Despite analysts' bullishness for the coming year, 2003 is going to be far from happy for the global markets
Happy New Year. I don't think so. Let's face it squarely: this year is going to be a whole lot less happy than last year, which was grim. Just because it is the third year in a row that major indices have ended lower than they started (which was last experienced in 1939-41), it doesn't mean a rebound is inevitable. You know there is little appetite when positive comments from the chair of the US Federal Reserve on improving US economic growth fail to stir those once exuberant investors.
Consumers kept spending over the Christmas period, but at nothing like the levels of previous years. Take 23 December, which is supposed to be the day each year when stock markets make their greatest intra-day gains, as the festive spirit finally grips even the most sceptic flinthead. Not this year. In the UK and other markets, it passed indistinguishable from all the sodden, grey days around it, hammered by nervous sentiment and thin trading.
Here's the rub: the market doesn't buy this stuff about a surgical strike against Iraq, and an orderly re-organisation of the Middle East to re-establish an acceptable range for the oil price and underpin the green shoots of global economic recovery. Investors don't care much whether war with Iraq is calculated to cost $40bn or $140bn. The downside is steep, sharp and uncomfortably close.
Investment marketeers, as they should, are doing their best to make the case for compelling valuations (which is just about possible with highly selective data), for historical trends and price markers, and for a new era of enlightened corporate governance. Retail investors, bless them, are starting to venture back into the water, while professionals are ruthlessly taking profits or bolstering cash reserves still further.
They suspect what is coming. Quite apart from Iraq and the looming difficulty with North Korea (which has just blown apart the growing case for backing the rise of the Asian consumer), there is the question of the US current account deficit and the precariously elevated dollar. The US may still be the driver for about one-third of world economic growth, but even the mighty Fed cannot heave both Japan and continental Europe back to growth on its own.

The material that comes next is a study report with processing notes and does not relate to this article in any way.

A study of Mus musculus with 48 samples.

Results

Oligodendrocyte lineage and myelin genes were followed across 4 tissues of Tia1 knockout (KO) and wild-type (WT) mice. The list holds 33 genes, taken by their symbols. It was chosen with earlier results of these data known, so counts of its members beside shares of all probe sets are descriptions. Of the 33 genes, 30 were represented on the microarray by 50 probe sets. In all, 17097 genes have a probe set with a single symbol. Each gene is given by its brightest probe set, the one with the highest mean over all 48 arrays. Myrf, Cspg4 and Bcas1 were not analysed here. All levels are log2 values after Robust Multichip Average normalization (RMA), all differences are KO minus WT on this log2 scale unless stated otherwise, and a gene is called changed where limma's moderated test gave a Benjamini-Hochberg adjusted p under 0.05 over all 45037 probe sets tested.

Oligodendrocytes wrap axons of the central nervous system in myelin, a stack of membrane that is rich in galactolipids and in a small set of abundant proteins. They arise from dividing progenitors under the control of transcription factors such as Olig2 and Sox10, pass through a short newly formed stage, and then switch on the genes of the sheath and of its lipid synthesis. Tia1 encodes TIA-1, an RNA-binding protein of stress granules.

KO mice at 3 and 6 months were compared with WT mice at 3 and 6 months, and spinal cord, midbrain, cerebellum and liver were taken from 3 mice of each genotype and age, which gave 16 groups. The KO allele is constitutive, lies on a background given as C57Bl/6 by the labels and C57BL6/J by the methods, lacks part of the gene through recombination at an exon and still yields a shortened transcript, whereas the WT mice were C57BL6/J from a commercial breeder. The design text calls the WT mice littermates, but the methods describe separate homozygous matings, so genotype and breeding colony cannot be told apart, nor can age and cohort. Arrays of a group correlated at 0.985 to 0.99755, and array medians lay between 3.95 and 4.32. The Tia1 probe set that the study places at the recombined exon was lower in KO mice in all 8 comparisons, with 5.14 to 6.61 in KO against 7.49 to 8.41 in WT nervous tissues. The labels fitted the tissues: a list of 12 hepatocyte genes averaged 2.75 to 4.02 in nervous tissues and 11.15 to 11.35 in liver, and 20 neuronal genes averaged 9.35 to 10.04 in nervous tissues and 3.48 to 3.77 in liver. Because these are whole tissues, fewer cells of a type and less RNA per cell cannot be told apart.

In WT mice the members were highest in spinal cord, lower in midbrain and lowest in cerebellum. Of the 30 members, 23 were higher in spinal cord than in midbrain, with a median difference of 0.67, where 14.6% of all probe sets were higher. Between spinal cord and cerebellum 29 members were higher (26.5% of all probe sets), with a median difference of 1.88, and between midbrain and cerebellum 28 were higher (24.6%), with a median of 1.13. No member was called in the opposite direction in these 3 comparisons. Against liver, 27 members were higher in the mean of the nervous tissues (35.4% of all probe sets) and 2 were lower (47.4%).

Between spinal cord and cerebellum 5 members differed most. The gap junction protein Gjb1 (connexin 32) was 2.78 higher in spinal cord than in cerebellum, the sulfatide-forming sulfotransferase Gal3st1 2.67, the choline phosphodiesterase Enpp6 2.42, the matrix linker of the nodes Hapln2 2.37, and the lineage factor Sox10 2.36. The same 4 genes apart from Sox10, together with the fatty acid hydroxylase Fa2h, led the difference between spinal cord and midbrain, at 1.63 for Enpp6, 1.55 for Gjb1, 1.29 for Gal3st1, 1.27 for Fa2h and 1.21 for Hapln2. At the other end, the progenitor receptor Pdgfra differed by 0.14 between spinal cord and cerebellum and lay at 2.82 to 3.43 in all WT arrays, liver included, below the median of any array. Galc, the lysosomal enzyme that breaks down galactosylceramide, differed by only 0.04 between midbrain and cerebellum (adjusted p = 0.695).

Forecasts for the end of 2003 close of the FTSE 100 range from 3,900 to 5,000. But get the fund managers on their own in a pub and the floor drops to 3,200, with the comment that the FTSE 100 is likely to be one of the hardier indices. More vulnerable markets may fall further. Privately, they are back to gold, oil, property, food and cash ' and of all the world markets to be in, they prefer the UK.
But before smugness sets in, consider the national questions facing the UK-based investor in the coming year. Quite apart from the pensions funding crisis, the impact from April of tax hikes sneaked in a couple of years ago, and a new hawk heading the Bank of England, British troops will no doubt go in just ahead of US forces in the Gulf. This year is also decision time for the UK's entry to the eurozone, and support for closer integration is not exactly at an all-time high.
So it will not be a happy new year. Rather a gut-wrenching rollercoaster, with the general trend downwards and a sickening pitch. The analysts are once more demonstrating their deeply ingrained bullishness, and, as so often before, they are wrong. We are already on military alert and to be heard spreading alarm and despondency in such times is akin to treason. Hope for peace, but prepare for war.